The hula

In its earlier years, only keiki or children competed in the Polynesian Cultural Center's Moanikeala Festival, and they only performed hula auana or the modern style of the traditional Hawaiian dance, compared with the hula kahiko or ancient style of the dance. Today, the Moanikeala Festival is no longer a competition, but an exhibition or ho'ike as the Hawaiians would say. It also includes adult dancers performing in both the hula auana and hula kahiko styles.

Hula kahiko…

In the ancient times of Hawaii, as with almost all aspects of life, hula was integrated with traditional religion. Ritual played a key role and dancers — almost always men — were sometimes dedicated to the goddess of hula, Laka. They had to learn hundreds of stylized motions, many of which have survived to this day.

Hula kahiko is usually vigorous, requiring strength and agility. It was and is performed to chants — not music. Hula kahiko is also usually accompanied by pahu or drums of various sizes and types. Some of the drums are as small as a coconut shells, others are ornately carved from large tree trunks. These larger drums were and still are considered so important that some of them have been given names. Some percussion instruments and implements traditionally associated with hula kahiko are also used in the modern form of the dance, including ipu or hollowed gourds used somewhat like a drum by the dancers and chanters, puili or bamboo rattles, and uliuli or feathered gourd rattles that are usually shaken. The dancers also sometimes use iliili or small flat rocks like castanets, sticks to strike together, and even weapons or other implements that are pertinent to a story they are portraying.

The men often wore malo, a type of breech cloth wrap-around, while women as well as the men would sometimes wear voluminous skirts. Dancers adorned themselves with headbands, lei garlands, anklets and wristlets, often woven from various leaves and greenery — for example, the so-called "grass skirt," which in Hawaii is usually made of green ti leaves, but not the flowers commonly seen in . . .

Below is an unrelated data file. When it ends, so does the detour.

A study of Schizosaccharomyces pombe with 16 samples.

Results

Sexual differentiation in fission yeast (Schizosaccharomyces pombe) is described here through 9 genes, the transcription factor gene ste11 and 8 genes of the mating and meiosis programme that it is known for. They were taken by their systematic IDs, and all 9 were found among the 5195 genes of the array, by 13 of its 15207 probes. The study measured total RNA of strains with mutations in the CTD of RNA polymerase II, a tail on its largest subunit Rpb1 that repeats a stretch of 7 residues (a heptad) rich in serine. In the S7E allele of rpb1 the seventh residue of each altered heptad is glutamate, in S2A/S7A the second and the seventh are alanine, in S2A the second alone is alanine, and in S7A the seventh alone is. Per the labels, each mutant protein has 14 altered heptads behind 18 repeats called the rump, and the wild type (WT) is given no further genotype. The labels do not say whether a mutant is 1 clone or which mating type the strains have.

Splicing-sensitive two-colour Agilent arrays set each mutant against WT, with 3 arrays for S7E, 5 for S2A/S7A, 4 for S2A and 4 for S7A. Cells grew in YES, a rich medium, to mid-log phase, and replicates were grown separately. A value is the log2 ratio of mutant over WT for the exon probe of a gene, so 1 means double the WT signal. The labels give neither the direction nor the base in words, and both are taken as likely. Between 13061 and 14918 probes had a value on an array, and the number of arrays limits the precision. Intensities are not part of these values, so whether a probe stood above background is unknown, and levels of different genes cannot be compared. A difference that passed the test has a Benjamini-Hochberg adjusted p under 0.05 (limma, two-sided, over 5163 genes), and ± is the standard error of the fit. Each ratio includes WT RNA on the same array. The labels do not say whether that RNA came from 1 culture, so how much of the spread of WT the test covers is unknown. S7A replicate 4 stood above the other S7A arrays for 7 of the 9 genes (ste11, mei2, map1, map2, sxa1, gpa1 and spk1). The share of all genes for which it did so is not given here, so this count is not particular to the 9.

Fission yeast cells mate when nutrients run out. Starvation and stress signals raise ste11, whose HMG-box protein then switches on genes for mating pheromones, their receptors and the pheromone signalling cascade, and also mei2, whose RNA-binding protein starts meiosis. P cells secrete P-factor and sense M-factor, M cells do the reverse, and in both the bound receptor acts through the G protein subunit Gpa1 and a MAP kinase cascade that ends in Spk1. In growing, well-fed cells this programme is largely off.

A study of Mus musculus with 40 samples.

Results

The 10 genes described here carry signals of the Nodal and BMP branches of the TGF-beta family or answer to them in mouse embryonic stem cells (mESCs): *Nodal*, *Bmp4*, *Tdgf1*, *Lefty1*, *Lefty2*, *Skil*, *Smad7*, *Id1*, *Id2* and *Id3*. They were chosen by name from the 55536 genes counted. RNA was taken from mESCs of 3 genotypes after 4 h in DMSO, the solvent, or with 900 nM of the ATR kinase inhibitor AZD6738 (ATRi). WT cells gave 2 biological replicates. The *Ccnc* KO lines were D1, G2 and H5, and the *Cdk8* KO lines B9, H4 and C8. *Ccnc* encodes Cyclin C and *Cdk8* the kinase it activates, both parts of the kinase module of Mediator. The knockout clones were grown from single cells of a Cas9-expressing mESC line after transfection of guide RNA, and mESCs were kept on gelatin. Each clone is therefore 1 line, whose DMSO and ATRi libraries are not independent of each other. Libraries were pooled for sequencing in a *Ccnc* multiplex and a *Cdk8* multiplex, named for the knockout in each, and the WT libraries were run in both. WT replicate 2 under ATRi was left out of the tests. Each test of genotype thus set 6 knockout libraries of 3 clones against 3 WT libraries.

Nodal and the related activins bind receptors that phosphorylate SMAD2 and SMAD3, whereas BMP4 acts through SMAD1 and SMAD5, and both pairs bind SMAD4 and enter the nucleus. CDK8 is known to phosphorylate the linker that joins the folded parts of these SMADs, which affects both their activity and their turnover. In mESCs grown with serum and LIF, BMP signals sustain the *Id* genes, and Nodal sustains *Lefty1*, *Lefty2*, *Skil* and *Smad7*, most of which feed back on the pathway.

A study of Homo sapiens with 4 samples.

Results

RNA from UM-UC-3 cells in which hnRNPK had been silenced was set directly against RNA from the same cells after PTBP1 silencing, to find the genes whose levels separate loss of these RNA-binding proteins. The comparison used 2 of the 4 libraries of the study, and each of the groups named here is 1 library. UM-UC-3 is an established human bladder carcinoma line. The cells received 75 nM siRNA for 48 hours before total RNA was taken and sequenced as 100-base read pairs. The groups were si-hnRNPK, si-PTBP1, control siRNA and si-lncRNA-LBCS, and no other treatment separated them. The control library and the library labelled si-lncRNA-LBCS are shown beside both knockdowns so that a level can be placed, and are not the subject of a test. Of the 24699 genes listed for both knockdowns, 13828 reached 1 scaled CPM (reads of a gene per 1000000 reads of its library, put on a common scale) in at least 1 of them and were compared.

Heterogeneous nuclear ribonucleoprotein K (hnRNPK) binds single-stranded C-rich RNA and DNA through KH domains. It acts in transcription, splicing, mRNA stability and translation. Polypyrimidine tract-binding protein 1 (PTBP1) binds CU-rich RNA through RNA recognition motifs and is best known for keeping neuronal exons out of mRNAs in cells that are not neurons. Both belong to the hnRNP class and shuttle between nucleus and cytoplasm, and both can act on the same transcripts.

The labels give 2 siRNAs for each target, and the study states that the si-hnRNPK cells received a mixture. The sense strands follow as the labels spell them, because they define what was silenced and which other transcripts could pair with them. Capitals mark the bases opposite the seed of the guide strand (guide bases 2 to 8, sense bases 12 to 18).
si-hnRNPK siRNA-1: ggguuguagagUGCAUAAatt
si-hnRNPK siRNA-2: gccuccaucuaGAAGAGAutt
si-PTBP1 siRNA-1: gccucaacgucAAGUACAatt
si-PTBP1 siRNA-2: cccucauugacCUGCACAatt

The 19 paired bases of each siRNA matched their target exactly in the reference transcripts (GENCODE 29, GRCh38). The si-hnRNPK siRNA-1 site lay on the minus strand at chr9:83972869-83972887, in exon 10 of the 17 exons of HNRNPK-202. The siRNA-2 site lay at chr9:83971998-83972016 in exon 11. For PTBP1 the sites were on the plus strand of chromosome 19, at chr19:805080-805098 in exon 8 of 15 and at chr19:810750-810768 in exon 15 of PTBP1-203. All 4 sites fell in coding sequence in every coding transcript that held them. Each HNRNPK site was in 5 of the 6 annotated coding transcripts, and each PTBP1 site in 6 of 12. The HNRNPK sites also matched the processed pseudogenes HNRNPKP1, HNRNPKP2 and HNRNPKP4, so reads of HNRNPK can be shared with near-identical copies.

Hula auana…

Hula auana, the modern form of the dance, is characterized by more fluid, graceful motions — often based on and inspired by their origins in hula kahiko. Beautiful, harmonious island music invariably accompanies hula auana, using guitars, ukulele and other modern instruments. The whole world is familiar with the genre of Hawaiian music that often backs up what most people now think of as, simply, hula. It's even common now days for hula to be performed to non-Hawaiian music. For example, many halau hula or schools include a White Christmas number in their repertoires during the holiday season.

The dancers often take special pride in their appearance, sometimes using elaborate, even elegant costumes with beautiful floral accents. The headbands of ancient times, which were made of greenery, are now intricately braided with colorful flowers and leaves into what is usually called a haku lei. Some dancers and their hula "families" spend hours and hours gathering and preparing these lei and other adornments.

Halau hula also spend hours practicing under the direction of their respective kumu hula or teachers. Most kumu hula have Hawaiian heritage and share a deep love of the culture. Many also operate their schools as a business, and the haumana or dance students usually pay a monthly fee and supply their own costumes and travel expenses. Like many high school and organizational athletic teams, halau hula often get involved in fundraising to offset some of these expenses. Parents also get involved, shuttling their children to practices and performances.

Some halau specialize in teaching only children, others adults, some mixed; and some only take experienced dancers while others will work with beginners. Halau hula thrive throughout Hawaii and in other parts of the world, and often come together either to compete — as in the famous Merrie Monarch Hula Festival each spring in Hilo, or the Keiki [children's] Hula Competition in Honolulu — or to display their talents, such as in the Polynesian Cultural Center's Moanikeala Hula Festival. Whether competing or exhibiting, their graceful dances are marked by precision and complex choreography . . . and, of course, the beauty of the costumes, music and flowers.

You can learn more about both ancient and modern hula in the Polynesian Cultural Center's Hawaiian village. began to include both keiki (children) and adult dancers performing both hula auana and hula kahiko. The festival is named in honor of Aunty Sally Moanikeala Wood Naluai, who served as the Polynesian Cultural Center's first kumu hula or "hula master" from its opening on October 12, 1963, until she retired in 1980. After retiring, Aunty Sally remained a hula consultant until she passed away in January 2000.